The Declaration

The student news site of Colonia High School

The Declaration



Photo Credit: Photo Via Amazon
The front cover of the novel, The Book Thief.

Over Spring Break, I had the chance to re-read a 2005 best-seller, The Book Thief, about the tragic Nazi Holocaust.

I had first read this book a few years ago when I had been in about sixth or seventh grade. But as a young adolescent, it was really quite hard for me to comprehend and fully understand the extent of the book.

As my high school career has progressed, I have had the chance to learn about the Nazi Holocaust in many of my history and English classes. This helped to give me a background to The Book Thief, and it was very interesting to see a different perspective of the Holocaust throughout the novel.

The Book Thief is a historical novel written in 2005, by Australian author, Markus Zusak. It quickly became an international bestseller and was translated into many different languages all over the world.


The narrator of the novel is in fact referred to as Death or the collector of souls. Death tells the story of a little girl, named Liesel Meminger, who is followed throughout her life during the Nazi Holocaust in Germany. At the start of the novel, Liesel is very young and cannot read or write. But as the novel goes on, reading becomes a comfort to her, a world away from the destruction of the one around her.

The story focuses solely on Liesel, while the terrible tragedy of the Holocaust is going on behind her. The reader watches as she escapes the narrator of death, as he follows her throughout her life. From foster homes to stealing books off the street, to watching bombs and destruction go off around her, Liesel lives a hard life. She watches the people around her die, and not have a true understanding of why this is happening. It is within these books that she takes and reads, that she finds true comfort, and learns many lessons.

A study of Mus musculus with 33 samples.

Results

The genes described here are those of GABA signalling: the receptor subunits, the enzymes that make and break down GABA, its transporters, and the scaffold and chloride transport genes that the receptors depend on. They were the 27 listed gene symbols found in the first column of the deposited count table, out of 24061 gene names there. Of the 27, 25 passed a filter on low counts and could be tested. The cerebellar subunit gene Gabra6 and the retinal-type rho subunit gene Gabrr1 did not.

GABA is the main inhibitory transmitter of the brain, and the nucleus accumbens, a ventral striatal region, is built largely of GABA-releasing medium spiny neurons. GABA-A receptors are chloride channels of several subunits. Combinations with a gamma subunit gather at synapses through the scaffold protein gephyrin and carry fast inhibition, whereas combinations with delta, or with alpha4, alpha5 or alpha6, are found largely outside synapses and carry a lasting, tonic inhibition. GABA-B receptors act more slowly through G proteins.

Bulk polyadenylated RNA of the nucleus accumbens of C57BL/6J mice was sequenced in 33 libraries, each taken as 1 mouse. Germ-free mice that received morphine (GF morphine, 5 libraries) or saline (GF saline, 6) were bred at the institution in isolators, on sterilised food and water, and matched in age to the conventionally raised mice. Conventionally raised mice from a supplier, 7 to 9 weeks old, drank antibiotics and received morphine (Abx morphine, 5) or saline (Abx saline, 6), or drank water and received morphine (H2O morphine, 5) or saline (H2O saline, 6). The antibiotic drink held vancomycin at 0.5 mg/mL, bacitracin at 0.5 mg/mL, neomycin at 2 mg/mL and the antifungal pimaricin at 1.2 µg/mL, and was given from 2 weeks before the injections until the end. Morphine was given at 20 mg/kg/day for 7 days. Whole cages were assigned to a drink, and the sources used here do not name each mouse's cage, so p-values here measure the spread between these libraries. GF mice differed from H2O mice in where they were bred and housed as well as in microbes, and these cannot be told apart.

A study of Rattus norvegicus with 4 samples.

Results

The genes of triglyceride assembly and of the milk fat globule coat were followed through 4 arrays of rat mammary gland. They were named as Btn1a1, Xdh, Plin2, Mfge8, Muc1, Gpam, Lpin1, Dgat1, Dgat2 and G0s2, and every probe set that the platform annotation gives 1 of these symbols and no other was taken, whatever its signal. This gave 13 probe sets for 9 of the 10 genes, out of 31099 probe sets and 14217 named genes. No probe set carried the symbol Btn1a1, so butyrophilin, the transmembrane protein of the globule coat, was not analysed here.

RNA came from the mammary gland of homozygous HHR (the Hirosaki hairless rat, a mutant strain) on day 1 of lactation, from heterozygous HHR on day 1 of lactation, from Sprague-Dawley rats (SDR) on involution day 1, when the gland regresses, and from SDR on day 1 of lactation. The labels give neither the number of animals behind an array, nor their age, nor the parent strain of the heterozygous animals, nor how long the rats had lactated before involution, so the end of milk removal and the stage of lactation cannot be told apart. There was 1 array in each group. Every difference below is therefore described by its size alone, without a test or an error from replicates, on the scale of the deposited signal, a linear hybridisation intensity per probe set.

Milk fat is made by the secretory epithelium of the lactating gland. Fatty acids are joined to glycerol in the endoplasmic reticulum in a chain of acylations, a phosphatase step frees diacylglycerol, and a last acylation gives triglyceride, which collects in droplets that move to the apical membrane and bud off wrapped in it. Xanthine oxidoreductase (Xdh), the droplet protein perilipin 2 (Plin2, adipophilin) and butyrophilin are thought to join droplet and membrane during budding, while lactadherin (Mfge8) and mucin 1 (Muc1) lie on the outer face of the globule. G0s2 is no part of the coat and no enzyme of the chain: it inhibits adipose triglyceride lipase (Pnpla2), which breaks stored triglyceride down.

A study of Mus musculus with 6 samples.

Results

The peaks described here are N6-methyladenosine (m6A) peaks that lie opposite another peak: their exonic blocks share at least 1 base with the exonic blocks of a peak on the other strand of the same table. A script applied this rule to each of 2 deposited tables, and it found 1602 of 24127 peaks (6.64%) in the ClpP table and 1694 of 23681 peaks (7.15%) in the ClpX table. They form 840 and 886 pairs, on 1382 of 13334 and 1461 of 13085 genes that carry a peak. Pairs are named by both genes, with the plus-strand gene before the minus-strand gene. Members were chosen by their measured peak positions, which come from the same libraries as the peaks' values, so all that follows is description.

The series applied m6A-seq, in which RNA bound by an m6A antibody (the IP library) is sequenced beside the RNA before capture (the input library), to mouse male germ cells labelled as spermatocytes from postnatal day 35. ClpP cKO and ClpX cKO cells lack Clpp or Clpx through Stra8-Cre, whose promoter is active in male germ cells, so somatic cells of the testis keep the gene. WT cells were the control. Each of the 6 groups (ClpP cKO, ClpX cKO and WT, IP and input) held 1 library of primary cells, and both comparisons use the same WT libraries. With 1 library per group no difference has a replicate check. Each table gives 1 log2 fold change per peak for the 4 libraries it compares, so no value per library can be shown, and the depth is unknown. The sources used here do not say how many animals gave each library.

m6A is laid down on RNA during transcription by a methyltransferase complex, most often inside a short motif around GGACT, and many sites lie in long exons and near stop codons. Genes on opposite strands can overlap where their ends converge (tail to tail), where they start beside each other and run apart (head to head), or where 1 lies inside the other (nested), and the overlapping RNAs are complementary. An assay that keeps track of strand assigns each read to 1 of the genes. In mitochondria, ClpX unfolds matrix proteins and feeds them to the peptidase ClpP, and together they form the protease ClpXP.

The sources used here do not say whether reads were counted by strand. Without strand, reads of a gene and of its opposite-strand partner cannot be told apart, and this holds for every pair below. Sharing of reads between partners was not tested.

It is hard to say that I enjoy this novel, due to the fact that it is about a mass catastrophe, but I find it very interesting to read from a different perspective and see what a little girl may have gone through during the Holocaust. With Zusak’s descriptive details, and the vivid imagery used described by the narrator, chills ran throughout my body in hearing the horrors of the Holocaust.

Some may argue that it would be very difficult and upsetting for younger teenagers/children to read. From experience, of reading this novel at a younger age, I can vouch for that. I would definitely recommend this book for young adults, and adults of all ages. There are many lessons throughout the book, from holding onto hope to hearing about the strongest not surviving. It may be very difficult to hear about all of the death and experiences that many survivors had gone through during this time. But it is also important to learn from the tragedy and try to prevent anything like this from happening again.

Film Review

After 2013, The Book Thief is now a feature film.

The film runs for 130 minutes, produced by 20th Century Fox. It first appeared in theaters on November 8, 2013, and made over 76.6 million dollars. Winning the Satellite Special Achievement Award for Breakthrough Performance Award, and other great awards, the movie did very well in theaters. Much like the book, it rates PG-13, which means that it may be more difficult for younger audiences. 

The film follows the book very closely, but there was much controversy about the movie. Many critics of the film say that it was not shown as harsh as in the book. It was more sugar-coated than anything. But others, comment on how they love the acting, and how the characters tell the story perfectly. Rotten Tomatoes gives it a rate of 73% of likes.


The Book Thief is a great novel to help readers really grasp an understanding of the horrors of the Holocaust. It not only focuses on how books educate us but how they may be the comfort of the world. 


Angelina Wintonick, Co-Editor in Chief
Angelina Wintonick is a 17 year old senior at Colonia High School. She has lived in Colonia her whole life, from attending Pennsylvania Avenue School #27 for elementary school, to moving into junior high at Colonia Middle School, and now attends Colonia High School.  Angelina enjoys many things, from sports to movies, photography, shopping and hanging out with her friends. But most importantly, she enjoys playing volleyball, a sport she has loved since she was in third grade. Playing on the high school team here at CHS for four years, she also plays club volleyball for a national team, outside of school.  She has recently verbally committed to Saint Francis College in Brooklyn Heights. She will play volleyball there and continue her education after highschool. When she isn't playing volleyball, she enjoys hanging out with her younger sister, who is a junior at Colonia. She also enjoys reading novels along the genre of suspense and or thriller. Wintonick has been writing for the Declaration for three years, since she was a sophomore at Colonia.